By Sue Ellen Woodcock
Being billed as the largest development possibly ever on the North Shore when construction begins at the Suffolk Downs property, the project could take 10 or 15 years to be fully developed. Either way the development will have an impact on Revere for the next 50 years.
“It’s definitely an opportunity for transformational development at Suffolk Downs,” Mayor Brian Arrigo said.
He’s had a number of conversations with developers HYN and principles Tom O’Brien and Dino DiFronzo about the fact that they and city officials will be working together for a number of years.
“A lot of people are eager to work on this and a lot of people are jealous of the position I’m in,” Arrigo said in an office interview. “At the end of the day I’m interested in creating jobs for residents and commercial tax dollars for the city tax base.”
Of the 161 acres to be developed, 42 acres of the property are on the Revere side, and the rest in East Boston. O’Brien and DiFronzo don’t have any set plans yet for the development, but there is a strong likelihood it will be a combination of retail and residential. Both have been meeting with officials from Boston and Revere.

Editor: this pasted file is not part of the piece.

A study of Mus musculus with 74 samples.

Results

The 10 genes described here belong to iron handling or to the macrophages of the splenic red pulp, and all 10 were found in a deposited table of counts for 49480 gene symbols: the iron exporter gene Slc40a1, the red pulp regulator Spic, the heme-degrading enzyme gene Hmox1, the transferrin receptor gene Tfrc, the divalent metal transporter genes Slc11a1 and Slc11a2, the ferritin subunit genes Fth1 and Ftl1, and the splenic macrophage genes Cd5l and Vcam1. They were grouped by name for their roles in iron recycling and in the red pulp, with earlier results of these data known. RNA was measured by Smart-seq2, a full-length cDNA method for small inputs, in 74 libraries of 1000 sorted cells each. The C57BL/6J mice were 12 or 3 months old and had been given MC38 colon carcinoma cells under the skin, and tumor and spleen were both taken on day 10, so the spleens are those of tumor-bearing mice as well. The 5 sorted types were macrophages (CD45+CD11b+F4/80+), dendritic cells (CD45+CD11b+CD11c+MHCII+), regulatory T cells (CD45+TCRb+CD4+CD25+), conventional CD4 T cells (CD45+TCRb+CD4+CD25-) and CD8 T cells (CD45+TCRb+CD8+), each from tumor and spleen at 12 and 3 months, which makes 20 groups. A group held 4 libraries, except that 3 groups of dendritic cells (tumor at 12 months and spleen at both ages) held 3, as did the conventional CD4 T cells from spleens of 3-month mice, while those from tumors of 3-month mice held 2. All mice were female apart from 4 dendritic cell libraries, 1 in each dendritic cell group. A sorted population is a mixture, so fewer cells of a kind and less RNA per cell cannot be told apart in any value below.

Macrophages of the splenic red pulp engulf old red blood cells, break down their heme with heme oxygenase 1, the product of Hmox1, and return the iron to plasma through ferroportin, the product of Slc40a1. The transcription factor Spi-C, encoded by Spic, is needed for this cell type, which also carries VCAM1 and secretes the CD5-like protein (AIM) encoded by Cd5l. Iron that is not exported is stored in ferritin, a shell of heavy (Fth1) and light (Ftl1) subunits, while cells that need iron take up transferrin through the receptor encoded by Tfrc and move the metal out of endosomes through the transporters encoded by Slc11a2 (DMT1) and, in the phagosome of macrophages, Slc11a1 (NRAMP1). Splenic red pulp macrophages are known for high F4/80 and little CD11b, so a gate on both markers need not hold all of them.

“It’s a testament to what’s happening in the region,” Arrigo said. “On a high level what we would be looking for is mixed use commercial development. Somehow we have lacked this over the years.”
Looking ahead at the proposed development, Arrigo sees this development as others do…legacy work…the thing that will have meaning for years to come.
“It can be transformational for the city for 20, 30 or even 40 years from now,” Arrigo said.
Arrigo wants to make sure whatever is developed on the site that it’s a place people will enjoy and see as a destination.
“The site is large enough to have a lot of different components such as entertainment, office, commercial or retail,” Arrigo said. “The size of the site lends itself to a lot of creativity.” According to zoning laws there will be open space built in to the property. Part of the site is also not buildable due to wetlands.
“There will probably be a yearlong planning process, starting at the T-stops and backing up to Route 1A,” Arrigo said. “We’re going to make sure it doesn’t become a parking lot. We want it to become a project that creates revenue and ends up being a destination.”